Cam Atkinson is tearing up IIHF Worlds, with 10 points in Team USA's first six games. After this tournament, he's thinking of bringing something back from Europe – a new number for his sweater.
Atkinson, who has worn 13 throughout his Blue Jackets career, had to pick a different number for IIHF Worlds, as 13 was already claimed by Calgary Flames wing Johnny Gaudreau. So, he had to pick a new number, settling on 89, his birth year (as in 1989, not 89 A.D., he's not Jaromir Jagr). His Team USA linemate, Patrick Kane, who also wears a number inspired by his birth year (88), is a big fan of the move.
According to Atkinson, his play and Kane's influence may indeed convince him to make the permanent change.
Cam Atkinson says he's 50/50 on a # change to 89, his birth year, next season for #CBJ— Brian Hedger (@JacketsInsider) May 15, 2018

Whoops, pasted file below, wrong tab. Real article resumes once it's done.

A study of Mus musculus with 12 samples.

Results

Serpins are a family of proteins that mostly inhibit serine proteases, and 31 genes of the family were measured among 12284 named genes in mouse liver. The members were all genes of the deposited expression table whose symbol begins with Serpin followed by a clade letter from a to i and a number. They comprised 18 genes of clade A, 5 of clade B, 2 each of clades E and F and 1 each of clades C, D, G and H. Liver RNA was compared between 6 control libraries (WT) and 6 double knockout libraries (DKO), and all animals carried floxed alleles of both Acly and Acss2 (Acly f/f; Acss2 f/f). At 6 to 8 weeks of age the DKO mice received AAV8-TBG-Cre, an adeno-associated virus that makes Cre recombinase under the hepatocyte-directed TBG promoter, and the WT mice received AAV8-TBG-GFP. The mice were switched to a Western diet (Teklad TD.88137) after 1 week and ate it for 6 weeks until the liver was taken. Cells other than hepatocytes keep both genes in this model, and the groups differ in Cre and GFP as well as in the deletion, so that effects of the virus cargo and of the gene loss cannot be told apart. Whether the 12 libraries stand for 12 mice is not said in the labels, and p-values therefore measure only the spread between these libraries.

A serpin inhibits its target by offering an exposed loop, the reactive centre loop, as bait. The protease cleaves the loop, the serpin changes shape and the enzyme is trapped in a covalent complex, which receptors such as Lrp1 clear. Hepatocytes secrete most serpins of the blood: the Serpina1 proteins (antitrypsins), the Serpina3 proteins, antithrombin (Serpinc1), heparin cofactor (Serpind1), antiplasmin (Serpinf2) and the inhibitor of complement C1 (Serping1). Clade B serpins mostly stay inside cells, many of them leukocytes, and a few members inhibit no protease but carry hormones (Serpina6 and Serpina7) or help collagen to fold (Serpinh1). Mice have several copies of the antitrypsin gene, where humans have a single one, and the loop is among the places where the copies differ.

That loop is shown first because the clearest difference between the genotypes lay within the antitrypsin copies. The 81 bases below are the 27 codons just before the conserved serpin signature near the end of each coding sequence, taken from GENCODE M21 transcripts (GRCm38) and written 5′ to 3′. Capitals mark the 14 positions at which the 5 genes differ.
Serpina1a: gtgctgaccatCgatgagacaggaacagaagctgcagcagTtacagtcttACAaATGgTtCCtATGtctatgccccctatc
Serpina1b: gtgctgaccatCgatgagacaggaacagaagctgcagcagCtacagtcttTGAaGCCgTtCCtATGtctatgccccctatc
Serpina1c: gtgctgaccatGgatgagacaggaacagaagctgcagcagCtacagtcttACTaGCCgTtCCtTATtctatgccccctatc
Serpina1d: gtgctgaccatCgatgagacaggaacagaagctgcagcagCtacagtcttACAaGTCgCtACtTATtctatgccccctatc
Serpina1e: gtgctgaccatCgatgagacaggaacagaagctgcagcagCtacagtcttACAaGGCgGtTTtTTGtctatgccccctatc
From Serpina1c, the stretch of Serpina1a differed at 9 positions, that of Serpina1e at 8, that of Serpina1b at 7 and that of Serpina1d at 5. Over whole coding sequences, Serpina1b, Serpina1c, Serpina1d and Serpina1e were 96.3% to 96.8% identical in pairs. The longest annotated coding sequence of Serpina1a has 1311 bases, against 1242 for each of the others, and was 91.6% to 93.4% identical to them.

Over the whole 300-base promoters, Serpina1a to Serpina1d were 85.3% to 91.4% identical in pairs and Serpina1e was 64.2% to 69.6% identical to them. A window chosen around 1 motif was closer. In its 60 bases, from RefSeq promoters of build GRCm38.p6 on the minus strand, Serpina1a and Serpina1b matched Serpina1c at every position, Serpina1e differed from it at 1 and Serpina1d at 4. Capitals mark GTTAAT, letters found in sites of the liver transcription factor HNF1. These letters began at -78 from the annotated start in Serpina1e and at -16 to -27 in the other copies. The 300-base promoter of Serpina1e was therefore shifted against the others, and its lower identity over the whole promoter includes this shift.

Patrick Kane, who wears 88, suggested the switch.
Hes actually talking me into it. Hes the one who was like, Honestly, I think you should. The number looks good on you.'"
It's not a very common site to see a player make a number switch that late in their career without changing teams or seeing a superstar added to their current team. Mark Letestu, for example, originally came to Columbus wearing number 17, but gave that number up to Brandon Dubinsky after the Rick Nash trade, switching to 10. He then gave that number up to Marian Gaborik after the Jackets acquired him the next season, settling on 55.
More recently, the Blue Jackets have seen players like Josh Anderson (53 as a call-up, 34 in his first full season, 77 last season) and Alexander Wennberg (41 his first two seasons, then switched to 10) make offseason number changes, claiming their numbers from junior hockey after becoming more established NHL players. Similarly, Oliver Bjorkstrand originally wore 65 as a call-up before claiming 28 in his first full-time season.
Neither of those scenarios apply to Atkinson, though – he's worn 13 since at least his days at Boston College.